Keytruda (pembrolizumab) is a programmed death receptor-1 (PD-1)-blocking antibody.
Keytruda is specifically indicated for the treatment of patients with recurrent locally advanced or metastatic squamous cell carcinoma of the esophagus whose tumors express PD-L1 [Combined Positive Score (CPS) ≥10] as determined by an FDA-approved test, with disease progression after one or more prior lines of systemic therapy.
Keytruda is supplied as an injection for intravenous administration. The recommended dose of Keytruda for esophageal cancer is 200 mg administered as an intravenous infusion over 30 minutes every 3 weeks until disease progression, unacceptable toxicity, or up to 24 months in patients without disease progression.
The FDA approval of Keytruda for esophageal cancer was based on the KEYNOTE-181 and KEYNOTE-180 clinical trials.
KEYNOTE-181 was a multicenter, randomized, open-label, active-controlled trial that enrolled 628 patients with recurrent locally advanced or metastatic esophageal cancer whose tumors express PD-L1 and who progressed on or after one prior line of systemic treatment for advanced disease. Patients were randomized (1:1) to receive either Keytruda 200 mg every three weeks or investigator’s choice of any of the following chemotherapy regimens, all given intravenously: paclitaxel 80-100 mg/m2 on Days 1, 8, and 15 of every four-week cycle, docetaxel 75 mg/m2 every three weeks, or irinotecan 180 mg/m2 every two weeks. Treatment with Keytruda or chemotherapy continued until unacceptable toxicity or disease progression. The trial met its primary endpoint of significantly improving overall survival (OS), with a 31% decrease in the risk of death compared to a chemotherapy regimen of paclitaxel, docetaxel or irinotecan.
KEYNOTE-180 was a multicenter, non-randomized, open-label trial that enrolled 121 patients with locally advanced or metastatic esophageal cancer who progressed on or after at least two prior systemic treatments for advanced disease. With the exception of the number of prior lines of treatment, the eligibility criteria were similar to and the dosage regimen identical to KEYNOTE-181. The major efficacy outcome measures were objective response rate (ORR) and duration of response (DoR). The ORR in the 35 patients with ESCC expressing PD-L1 (CPS ≥10) was 20%. Among the seven responding patients, the DoR ranged from 4.2 to 25.1+ months, with five patients (71%) having responses of six months or longer and three patients (57%) having responses of 12 months or longer.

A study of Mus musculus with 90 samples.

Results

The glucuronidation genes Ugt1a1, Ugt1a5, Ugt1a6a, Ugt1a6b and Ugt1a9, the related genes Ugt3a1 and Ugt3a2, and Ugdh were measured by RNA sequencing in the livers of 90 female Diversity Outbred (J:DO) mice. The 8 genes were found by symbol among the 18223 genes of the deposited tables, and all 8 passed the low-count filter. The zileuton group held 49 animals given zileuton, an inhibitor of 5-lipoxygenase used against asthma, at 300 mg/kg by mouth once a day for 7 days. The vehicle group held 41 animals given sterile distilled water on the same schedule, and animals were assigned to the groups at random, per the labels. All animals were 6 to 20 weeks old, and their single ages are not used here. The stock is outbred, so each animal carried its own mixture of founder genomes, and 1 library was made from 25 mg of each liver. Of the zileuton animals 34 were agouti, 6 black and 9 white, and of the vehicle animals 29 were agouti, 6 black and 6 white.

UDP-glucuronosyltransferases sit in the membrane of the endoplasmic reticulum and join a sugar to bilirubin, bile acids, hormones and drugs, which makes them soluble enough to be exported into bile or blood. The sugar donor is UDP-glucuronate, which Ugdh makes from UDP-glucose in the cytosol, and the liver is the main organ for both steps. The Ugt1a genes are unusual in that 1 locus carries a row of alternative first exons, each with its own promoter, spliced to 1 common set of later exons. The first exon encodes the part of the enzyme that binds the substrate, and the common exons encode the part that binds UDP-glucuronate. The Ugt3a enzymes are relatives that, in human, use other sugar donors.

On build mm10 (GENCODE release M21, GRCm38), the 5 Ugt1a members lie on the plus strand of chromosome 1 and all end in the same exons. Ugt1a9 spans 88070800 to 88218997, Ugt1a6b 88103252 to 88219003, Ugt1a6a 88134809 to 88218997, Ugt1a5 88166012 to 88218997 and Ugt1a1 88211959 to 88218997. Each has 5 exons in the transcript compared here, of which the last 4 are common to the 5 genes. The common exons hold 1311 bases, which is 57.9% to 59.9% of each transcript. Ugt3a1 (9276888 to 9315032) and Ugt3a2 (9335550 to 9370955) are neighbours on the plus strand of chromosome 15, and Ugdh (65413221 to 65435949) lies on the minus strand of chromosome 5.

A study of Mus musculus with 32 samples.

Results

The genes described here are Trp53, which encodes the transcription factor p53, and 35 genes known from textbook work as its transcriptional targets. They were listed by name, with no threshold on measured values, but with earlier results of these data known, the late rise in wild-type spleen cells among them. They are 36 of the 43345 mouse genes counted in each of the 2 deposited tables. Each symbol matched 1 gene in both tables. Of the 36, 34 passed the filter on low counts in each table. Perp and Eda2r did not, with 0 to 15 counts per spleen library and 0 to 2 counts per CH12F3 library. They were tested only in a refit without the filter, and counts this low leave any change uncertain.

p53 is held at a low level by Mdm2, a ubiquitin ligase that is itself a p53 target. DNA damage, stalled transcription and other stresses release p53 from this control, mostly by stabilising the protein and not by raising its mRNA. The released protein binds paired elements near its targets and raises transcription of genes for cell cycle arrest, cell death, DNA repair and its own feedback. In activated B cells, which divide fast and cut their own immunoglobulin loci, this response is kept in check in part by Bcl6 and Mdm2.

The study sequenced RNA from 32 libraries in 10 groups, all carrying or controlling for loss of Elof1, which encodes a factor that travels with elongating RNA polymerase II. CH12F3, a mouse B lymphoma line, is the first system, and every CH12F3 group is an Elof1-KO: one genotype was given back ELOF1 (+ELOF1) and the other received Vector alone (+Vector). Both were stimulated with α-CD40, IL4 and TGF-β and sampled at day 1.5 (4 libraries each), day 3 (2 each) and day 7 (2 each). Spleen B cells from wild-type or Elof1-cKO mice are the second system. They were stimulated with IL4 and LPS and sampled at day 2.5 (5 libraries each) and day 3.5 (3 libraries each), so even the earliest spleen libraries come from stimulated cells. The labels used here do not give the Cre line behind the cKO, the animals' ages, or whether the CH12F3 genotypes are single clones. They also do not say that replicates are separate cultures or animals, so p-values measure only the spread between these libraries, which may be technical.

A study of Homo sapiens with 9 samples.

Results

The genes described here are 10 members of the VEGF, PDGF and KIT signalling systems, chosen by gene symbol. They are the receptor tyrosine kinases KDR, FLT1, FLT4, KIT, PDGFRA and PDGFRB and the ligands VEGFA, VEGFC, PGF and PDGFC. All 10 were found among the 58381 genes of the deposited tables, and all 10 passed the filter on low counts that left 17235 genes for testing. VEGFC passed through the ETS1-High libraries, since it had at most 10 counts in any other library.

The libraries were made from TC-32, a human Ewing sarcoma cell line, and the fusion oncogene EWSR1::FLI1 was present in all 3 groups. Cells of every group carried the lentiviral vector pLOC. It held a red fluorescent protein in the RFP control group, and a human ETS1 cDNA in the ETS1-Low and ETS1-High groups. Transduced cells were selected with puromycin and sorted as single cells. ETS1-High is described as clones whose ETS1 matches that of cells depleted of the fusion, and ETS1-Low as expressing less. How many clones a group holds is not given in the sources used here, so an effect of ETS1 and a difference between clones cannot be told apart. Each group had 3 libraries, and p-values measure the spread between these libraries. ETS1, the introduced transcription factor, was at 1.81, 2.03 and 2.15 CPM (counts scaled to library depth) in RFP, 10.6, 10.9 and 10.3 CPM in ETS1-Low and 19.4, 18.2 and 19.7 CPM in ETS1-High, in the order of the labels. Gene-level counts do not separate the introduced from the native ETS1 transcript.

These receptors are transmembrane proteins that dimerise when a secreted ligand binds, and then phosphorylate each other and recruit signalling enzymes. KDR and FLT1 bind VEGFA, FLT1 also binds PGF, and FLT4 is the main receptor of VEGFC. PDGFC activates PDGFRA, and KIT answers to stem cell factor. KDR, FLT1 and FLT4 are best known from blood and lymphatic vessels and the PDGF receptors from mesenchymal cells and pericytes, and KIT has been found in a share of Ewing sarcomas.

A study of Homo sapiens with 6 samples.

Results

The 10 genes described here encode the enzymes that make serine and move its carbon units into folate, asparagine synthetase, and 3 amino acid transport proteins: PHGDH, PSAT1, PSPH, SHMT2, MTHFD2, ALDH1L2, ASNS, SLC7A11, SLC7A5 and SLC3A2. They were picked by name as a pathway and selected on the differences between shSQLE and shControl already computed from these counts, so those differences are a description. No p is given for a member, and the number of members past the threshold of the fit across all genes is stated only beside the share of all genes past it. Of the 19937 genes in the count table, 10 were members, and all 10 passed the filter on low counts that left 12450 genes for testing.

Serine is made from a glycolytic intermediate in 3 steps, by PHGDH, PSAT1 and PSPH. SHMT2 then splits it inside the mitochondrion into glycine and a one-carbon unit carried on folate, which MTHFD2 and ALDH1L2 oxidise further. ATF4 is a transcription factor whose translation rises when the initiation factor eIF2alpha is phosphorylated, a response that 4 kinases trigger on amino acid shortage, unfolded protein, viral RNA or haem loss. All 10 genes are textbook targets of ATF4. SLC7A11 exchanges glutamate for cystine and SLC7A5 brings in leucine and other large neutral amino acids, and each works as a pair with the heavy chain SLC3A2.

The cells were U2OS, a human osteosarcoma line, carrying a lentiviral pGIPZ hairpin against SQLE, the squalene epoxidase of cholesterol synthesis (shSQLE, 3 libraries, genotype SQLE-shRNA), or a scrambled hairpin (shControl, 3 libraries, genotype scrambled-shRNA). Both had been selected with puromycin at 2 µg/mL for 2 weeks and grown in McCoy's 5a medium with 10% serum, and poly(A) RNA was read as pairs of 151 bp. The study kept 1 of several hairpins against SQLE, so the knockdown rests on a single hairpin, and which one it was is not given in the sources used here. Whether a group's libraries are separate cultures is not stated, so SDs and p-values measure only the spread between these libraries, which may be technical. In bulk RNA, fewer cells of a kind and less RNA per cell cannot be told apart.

Adverse effects associated with the use of Keytruda as a single agent may include, but are not limited to, the following:
Keytruda (pembrolizumab) is a programmed death receptor-1 (PD 1)-blocking, humanized monoclonal IgG4 kappa antibody. Binding of the PD-1 ligands, PD-L1 and PD-L2, to the PD-1 receptor found on T cells, inhibits T cell proliferation and cytokine production. Upregulation of PD-1 ligands occurs in some tumors and signaling through this pathway can contribute to inhibition of active T-cell immune surveillance of tumors. Pembrolizumab is a monoclonal antibody that binds to the PD-1 receptor and blocks its interaction with PD-L1 and PD-L2, releasing PD-1 pathway-mediated inhibition of the immune response, including the anti-tumor immune response.
For additional information regarding Keytruda or recurrent esophageal cancer with PD-L1 expressing tumors, please visit the Keytruda web site.